The surprising culture... of Belize

| February 1, 2017

Belize is a surprising destination packed with wildlife, marine attractions and a mix of cultures, all in a country barely larger than Wales. As a former British colony, it is the only country in Central America with English as its official language, making it even easier to explore. Here we take you through the cultural highlights of the country, which you can also explore using the interactive map at the end of the article.

Howler monkey

Ancient Mayan temples

Belize was the epicentre of the Mayan civilisation, and is home to a number of impressive Mayan temples. Most can be found either in the Cayo district or in the lesser-visited Toledo district in the south. Lamanai Once a major city of the Maya, Lamanai is noted for its long occupation. Established in 16th century, the site was occupied until the 19th century when the British built a sugar mill. The remnants of the mill can still be seen, entangled by the surrounding jungle. The Mask Temple was named after the impressive 4.5-metre masks carved into the side. Keep your eyes peeled for the endangered black howler monkeys that can be heard through the trees.

The Mask Temple, Lamanai

The Mask Temple, Lamanai

Xunantunich One of Belize's most impressive Mayan archaeological sites, Xunantunich's claim to fame is its temple’s sculpted friezes. It is also home to 40-metre El Castillo – the second tallest structure in Belize after Caracol – that has panoramic views, making it well worth the climb.

El Castillo at Xunantunich

"El Castillo" at Xunantunich

Caracol The ancient Maya archaeological site of Caracol was founded in 900 B.C. and is home to Caana Temple, which remains the largest man-made structure in Belize to this day. Surrounded by lush jungle, the entire ancient site in its prime covered 80 sq miles and was home to 150,000 people.

Caana, Caracol

Caana Temple, Caracol

Wildlife and natural wonders

For such a small country, Belize is packed with a huge range of wildlife, from elusive jaguars and howler monkeys to cotamundis and an impressive 570 species of bird. Wild collared aracari

Wild collared aracari

With a number of protected nature reserves, each with varying landscapes, there is plenty to experience. Here are three of the best: Cockscomb Basin Wildlife Reserve This jungle reserve was the first established jaguar sanctuary in the world and has the highest population of these cats in the wild. Setting eyes on a jaguar is rare, as are sightings of the other big cats in the park – puma, ocelot, margay and jaguarondi. Thankfully, there is plenty more to see in the reserve - over 300 recorded species of bird, coatamundi, peccary (wild pigs) and the endangered black howler monkey also call it home.



Crooked Tree Wildlife Sanctuary This wetland sanctuary protects a number of endangered species such as the central american river turtle, but the real draw is its birdlife. One of the great birdwatching destinations, the Crooked Tree Wildlife Sanctuary is home to over 400 bird species, including numbers of Jabiru stork, peregrine falcon, the vermilion flycatcher and the snail kite bird of prey.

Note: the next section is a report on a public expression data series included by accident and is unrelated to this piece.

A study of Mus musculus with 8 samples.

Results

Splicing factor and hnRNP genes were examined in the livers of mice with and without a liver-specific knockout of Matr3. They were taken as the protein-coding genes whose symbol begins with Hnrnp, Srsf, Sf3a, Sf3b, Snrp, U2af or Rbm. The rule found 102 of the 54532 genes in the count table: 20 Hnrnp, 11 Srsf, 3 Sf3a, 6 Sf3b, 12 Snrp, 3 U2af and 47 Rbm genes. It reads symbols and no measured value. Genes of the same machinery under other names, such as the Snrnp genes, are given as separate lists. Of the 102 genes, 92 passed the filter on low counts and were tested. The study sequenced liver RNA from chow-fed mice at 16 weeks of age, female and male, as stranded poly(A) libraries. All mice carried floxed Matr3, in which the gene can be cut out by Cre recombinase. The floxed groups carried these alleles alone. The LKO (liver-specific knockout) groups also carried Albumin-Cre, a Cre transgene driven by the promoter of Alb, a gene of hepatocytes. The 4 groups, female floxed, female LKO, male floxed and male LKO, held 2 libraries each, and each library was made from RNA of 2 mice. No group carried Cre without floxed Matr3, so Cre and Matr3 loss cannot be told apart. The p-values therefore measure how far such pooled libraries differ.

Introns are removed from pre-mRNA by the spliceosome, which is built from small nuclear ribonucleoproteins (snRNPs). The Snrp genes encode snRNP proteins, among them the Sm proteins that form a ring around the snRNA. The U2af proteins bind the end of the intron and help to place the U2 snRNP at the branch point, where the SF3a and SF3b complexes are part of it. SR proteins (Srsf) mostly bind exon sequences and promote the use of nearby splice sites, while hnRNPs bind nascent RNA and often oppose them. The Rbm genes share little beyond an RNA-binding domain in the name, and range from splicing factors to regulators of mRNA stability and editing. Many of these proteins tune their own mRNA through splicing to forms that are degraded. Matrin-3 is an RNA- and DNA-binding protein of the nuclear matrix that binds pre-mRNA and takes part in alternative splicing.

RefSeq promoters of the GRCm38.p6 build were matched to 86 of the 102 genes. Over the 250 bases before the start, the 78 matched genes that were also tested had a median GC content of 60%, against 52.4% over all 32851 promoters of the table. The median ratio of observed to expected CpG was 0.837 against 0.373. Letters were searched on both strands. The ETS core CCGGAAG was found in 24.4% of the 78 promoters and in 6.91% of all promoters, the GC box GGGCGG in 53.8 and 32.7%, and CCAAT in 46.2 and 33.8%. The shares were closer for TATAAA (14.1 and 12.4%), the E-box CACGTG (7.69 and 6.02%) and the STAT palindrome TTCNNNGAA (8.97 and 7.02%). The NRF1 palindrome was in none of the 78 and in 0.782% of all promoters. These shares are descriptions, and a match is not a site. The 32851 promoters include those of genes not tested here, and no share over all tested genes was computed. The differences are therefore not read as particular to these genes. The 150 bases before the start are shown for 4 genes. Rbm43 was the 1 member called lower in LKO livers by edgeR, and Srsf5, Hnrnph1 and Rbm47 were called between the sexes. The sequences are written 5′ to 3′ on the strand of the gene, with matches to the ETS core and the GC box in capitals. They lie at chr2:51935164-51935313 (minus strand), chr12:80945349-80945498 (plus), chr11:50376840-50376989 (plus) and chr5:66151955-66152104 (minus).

Jabiru stork

 A jabiru stork

Mountain Pine Ridge Forest Reserve Dotted with caves and waterfalls, the higher elevation of this area provides relief from the heat, and the landscape of pine trees is a distinct contrast from the country's other jungle reserves. It’s home to Baird's tapir, the national animal of Belize, plus other large mammals like the white-nosed coati. Bird watchers will appreciate the many species of birds, like acorn woodpeckers, rufous-capped warbler and orange-breasted falcon.

Rio on the Pools

Rio on the Pools, Mountain Pine Ridge Forest Reserve

Barrier reef and marine life

Belize’s barrier reef is part of the second longest reef in the world and stretches for 190 miles off the east coast of the country. Easily seen from space, it is one of the most diverse ecosystems on earth and is easily accessible from the many beautiful cayes dotted offshore. It is part of the Belize Barrier Reef Reserve System, which was designated a Unesco world heritage site in 1996. Belize barrier reef

The Belize barrier reef 

Caye Caulker Time seems to slow on this laid back beach paradise, which provides access to the Caye Caulker Marine reserve. This is where a portion of the barrier reef is found, alongside a turtle-grass lagoon. Snorkellers can spot angel fish, redband parrotfish and – for the lucky ones – turtles or manatees.

Sea turtle, Caye Caulker

A swimming turtle

Ambergris Caye This relaxed island on the Caribbean Sea provides easy access to snorkelling in the Hol Chan Marine reserve, with a spectacular coral reef and sea grass. The habitat attracts nurse sharks, southern stingrays and moray eels. The range of accommodation options cater to every taste and a stay by a pristine, white-sand beach is the perfect way to relax and unwind after exploring the cultural wonders of Belize.

Ambergris Caye

Ambergris Caye

Cox & Kings’ Central American Explorer and Mayan Triangle private tours take in the highlights of the Central America region before ending with a stay in Ambergris Caye. Cox & Kings also offers tailor-made holidays to Belize. See how you could travel around Belize, or call one of our Central America Tour Consultants on 020 7873 5000.

Belize logo

This article was produced in conjunction with the Belize tourist board.